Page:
It looks like your questions are not restricted to an open-loop buck.
How can I tell if the buck converter will or will not operate in steady state?
First start with the definition of the steady-state: the state of the system when the changes in its output drop below a certain value (usually 1%). This is relative to the required output. For example, a 5 V converter, the output is considered to reach the steady state when the value has reached [4.95...5.05] V and it doesn't grow, anymore. It's said that it decayed asymptotically towards the final goal. Note: the system is considered for a stable input/output, i.e. there are no changes in the source, the load, the switching frequency, etc.
Therefore if a buck converter operates in the steady-state then its output is not wobbling, oscillating, varying -- it's steady. For a switching converter, ripple is part of the business, so that is not considered an oscillation (but it is required to be within the specs).
What are the conditions required to assume the circuit will reach and stay at a steady state eventually?
Reaching a steady-state is not an instantaneous operation, it takes time. How much depends on the system, the feedback, the level of perturbation, etc. So the conditions are just like above: the system is set to reach a state, then it's not touched or altered in any way, and the output is observed until it reaches the final value within certain limits (or not).
When I say "set to reach a state" I mean, for example, the supply is turned on (step input), or a load is connected/disconnected (step output), or the error voltage is perturbed, etc. After all these, the system is left to reach the steady-state and the time is measured.
Can I actually design a buck converter that will not reach steady state?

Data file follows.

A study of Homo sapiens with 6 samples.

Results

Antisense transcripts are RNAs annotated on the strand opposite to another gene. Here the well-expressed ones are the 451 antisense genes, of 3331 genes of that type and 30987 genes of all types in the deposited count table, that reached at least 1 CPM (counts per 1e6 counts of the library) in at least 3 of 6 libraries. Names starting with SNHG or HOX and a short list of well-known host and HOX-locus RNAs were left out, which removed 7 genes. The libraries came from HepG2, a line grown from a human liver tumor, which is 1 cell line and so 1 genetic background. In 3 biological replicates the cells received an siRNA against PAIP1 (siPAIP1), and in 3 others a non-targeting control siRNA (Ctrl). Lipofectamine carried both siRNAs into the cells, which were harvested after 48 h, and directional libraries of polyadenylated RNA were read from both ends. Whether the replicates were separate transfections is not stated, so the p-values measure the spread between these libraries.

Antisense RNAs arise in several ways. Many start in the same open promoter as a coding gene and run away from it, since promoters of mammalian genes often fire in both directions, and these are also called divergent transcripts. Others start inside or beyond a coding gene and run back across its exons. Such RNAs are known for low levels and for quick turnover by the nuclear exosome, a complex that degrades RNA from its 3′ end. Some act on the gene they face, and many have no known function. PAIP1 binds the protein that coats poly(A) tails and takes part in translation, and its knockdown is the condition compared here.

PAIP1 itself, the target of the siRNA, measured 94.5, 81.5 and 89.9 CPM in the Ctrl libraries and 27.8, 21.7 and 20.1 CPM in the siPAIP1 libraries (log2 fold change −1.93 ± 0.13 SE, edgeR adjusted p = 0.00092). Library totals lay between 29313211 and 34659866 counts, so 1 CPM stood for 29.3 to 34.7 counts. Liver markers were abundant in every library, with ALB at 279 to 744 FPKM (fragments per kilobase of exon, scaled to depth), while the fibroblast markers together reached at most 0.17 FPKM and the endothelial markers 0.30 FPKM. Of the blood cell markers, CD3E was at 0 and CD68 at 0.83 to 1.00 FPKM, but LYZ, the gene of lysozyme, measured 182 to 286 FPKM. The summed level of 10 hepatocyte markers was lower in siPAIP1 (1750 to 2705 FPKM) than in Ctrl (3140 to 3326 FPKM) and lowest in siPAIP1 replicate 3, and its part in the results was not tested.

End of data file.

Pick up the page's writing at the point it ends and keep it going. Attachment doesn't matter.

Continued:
Of course. All you have to do is disregard all the good advices about control. But you won't be able to do it in open loop, because then the equivalent circuit is the output LC filter with a load, which means it's a passive circuit and those are inherently stable. Even ideal components can only be critically stable, the poles can never end up in the RHP.
A feedback is another matter, it's an active participation to the system. That's where poles can be added or modified (bad loop filters), zeros can come out of seemingly nowhere and make your output wobble (duty cycle instabilities).
For example, here is a basic voltage-mode buck with the loop filter having the zero above the corner frequency of the output LC filter, and inside:
The values are chosen "by ear", enough to show that with a switching frequency if 100 kHz and fc ~ 1.5 kHz, the zeros are at 159 kHz (black trace), 15.9 kHz (blue), 1.59 kHz (red), and ~159 Hz (green). The ones beyond fc can't settle because they can't compensate the LC filter (black, blue), the one around fc is marginally stable, but not enough (red), and the green one compensates enough phase to avoid oscillations, but not enough to provide a good 5 V output. As I said, it's for exemplification, only, otherwise the gain, too, would ned adjustment, not just the zero.